Since 1955, Sudan has suffered two long civil wars. More than 2 million people have been killed and over 4 million displaced.
In July 2011, South Sudan became a country in its own right. Many of those who had fled because of war have now made their way back in search of peace.
Nyanut, 20, gave birth to her first baby daughter, Adhet, on 9 July 2011, an auspicious day in South Sudan - Independence Day.
Having grown up in northern Sudan away from her homeland and family members, she wants a different life for her daughter: ‘We moved to live in the north because of the war.
'My mother used to tell us about South Sudan. When peace came, my mother said that she wanted to return.
‘When I saw my homeland I felt so happy because peace had come and I could see my home state. Before, I did not feel free. In the north, I knew that I did not belong.’
Nyanut is now building a new house for her growing family with the support of a grant from Christian Aid partner Hope Agency for Relief and Development (HARD).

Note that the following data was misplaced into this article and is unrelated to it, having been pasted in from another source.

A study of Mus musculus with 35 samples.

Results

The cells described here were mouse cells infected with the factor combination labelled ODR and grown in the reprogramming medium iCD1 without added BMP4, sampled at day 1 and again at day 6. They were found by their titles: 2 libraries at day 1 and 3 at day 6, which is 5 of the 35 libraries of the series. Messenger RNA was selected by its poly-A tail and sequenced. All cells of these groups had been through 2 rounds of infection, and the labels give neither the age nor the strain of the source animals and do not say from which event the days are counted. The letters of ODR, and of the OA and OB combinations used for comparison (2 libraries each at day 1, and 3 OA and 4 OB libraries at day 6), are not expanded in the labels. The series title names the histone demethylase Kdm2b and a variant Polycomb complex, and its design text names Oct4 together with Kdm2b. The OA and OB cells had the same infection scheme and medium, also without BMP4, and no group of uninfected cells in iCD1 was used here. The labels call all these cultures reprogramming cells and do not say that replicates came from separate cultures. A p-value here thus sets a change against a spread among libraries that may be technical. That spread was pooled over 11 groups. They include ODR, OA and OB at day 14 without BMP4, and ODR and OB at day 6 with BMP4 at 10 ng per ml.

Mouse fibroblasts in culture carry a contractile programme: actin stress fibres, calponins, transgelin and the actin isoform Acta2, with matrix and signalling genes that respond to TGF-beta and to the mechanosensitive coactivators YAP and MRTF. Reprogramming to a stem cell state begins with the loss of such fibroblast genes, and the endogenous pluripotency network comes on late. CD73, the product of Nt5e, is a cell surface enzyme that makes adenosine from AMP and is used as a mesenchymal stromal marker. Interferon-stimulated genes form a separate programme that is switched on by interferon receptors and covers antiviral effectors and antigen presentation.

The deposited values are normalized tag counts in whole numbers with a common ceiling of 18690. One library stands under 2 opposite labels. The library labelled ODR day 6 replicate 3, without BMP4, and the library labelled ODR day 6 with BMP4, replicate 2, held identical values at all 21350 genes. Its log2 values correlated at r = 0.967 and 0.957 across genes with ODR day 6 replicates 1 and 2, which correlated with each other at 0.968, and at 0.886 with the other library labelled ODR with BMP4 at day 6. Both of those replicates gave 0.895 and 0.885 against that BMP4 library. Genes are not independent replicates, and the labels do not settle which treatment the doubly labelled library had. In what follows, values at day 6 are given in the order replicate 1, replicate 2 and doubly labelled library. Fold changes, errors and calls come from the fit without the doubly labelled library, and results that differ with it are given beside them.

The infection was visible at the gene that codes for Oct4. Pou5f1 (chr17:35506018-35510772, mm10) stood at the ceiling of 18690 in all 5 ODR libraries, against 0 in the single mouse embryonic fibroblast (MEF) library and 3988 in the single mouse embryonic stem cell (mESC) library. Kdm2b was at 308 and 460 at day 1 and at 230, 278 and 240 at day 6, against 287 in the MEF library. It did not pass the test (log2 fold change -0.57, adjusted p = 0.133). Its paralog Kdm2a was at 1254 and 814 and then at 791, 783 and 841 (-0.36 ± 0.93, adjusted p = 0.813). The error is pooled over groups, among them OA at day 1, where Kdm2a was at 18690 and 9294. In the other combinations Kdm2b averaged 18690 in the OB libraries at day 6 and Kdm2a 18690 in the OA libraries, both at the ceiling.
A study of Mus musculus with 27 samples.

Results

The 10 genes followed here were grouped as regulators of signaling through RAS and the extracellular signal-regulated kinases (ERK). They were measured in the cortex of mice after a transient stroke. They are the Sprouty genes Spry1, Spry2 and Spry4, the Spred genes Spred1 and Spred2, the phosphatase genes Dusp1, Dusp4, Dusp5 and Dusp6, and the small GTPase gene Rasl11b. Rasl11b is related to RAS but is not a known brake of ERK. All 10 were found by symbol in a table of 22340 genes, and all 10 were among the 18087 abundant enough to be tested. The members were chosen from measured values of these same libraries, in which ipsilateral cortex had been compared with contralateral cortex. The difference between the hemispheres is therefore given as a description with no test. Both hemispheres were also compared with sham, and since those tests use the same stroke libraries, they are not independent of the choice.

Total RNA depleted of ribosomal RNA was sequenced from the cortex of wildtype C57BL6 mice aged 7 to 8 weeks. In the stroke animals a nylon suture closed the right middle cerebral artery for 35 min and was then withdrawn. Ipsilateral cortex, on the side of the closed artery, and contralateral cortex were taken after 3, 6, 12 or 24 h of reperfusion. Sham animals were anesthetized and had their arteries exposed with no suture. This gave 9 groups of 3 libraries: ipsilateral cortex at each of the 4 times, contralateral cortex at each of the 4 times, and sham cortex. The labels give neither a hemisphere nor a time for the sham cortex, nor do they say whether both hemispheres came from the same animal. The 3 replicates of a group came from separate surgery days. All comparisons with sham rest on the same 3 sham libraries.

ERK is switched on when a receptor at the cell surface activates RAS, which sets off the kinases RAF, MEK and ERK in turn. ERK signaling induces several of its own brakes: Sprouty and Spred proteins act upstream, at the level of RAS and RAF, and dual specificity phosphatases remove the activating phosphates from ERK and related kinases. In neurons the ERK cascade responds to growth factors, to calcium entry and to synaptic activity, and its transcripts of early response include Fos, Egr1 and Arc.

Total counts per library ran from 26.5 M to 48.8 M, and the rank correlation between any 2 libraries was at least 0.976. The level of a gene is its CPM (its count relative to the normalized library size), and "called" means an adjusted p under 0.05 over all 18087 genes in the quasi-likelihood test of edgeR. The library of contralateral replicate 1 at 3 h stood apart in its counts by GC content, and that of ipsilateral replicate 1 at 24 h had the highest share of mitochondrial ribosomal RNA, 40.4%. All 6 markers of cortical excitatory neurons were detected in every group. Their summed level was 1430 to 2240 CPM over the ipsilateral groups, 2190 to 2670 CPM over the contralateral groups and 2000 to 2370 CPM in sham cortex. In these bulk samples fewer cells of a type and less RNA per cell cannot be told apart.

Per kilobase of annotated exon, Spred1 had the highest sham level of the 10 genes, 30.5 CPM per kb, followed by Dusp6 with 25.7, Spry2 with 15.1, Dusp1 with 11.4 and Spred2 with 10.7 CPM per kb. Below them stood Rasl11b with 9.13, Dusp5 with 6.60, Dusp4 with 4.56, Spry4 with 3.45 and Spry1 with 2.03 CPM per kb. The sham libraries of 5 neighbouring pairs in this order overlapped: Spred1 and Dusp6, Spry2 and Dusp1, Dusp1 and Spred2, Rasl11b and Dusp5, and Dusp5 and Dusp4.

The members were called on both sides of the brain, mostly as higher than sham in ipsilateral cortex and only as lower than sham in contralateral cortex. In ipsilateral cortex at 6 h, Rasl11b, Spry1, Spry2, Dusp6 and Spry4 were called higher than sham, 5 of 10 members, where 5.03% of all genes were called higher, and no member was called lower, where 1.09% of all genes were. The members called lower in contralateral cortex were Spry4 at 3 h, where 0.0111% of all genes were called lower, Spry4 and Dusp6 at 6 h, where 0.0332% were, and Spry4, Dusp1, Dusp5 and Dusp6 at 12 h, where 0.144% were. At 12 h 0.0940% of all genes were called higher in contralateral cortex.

HARD have also installed a much-needed borehole. With another child on the way, Nyanut is particularly grateful as now she does not have to walk so far to collect water.
The role of the church
Nyanut regularly attends the local Pentecostal church run by her aunt, Teresa, and believes that the church has an important role to play in bringing peace to this new nation.
She says: ‘The church changes people’s lives in the community. When you are facing difficulties, God will look after you. My brother was sick and lots of people came to the house to pray. They came and helped us through hard times.’
Nyanut is now looking to the future. Like any mother, she wants Adhet to grow strong and have the opportunity to go to school. She also hopes to work as a server in her local church so that she can support her local community.
Nyanut adds: ‘I feel so happy to have a baby born on Independence Day. I'm glad to have a family and responsibilities, and this new home is a new beginning for us all.'
John Gang Amot, a staff member at HARD, has returned to South Sudan to help rebuild his homeland. He gives a harrowing insight into what it was like to be a child soldier during the second civil war in Sudan.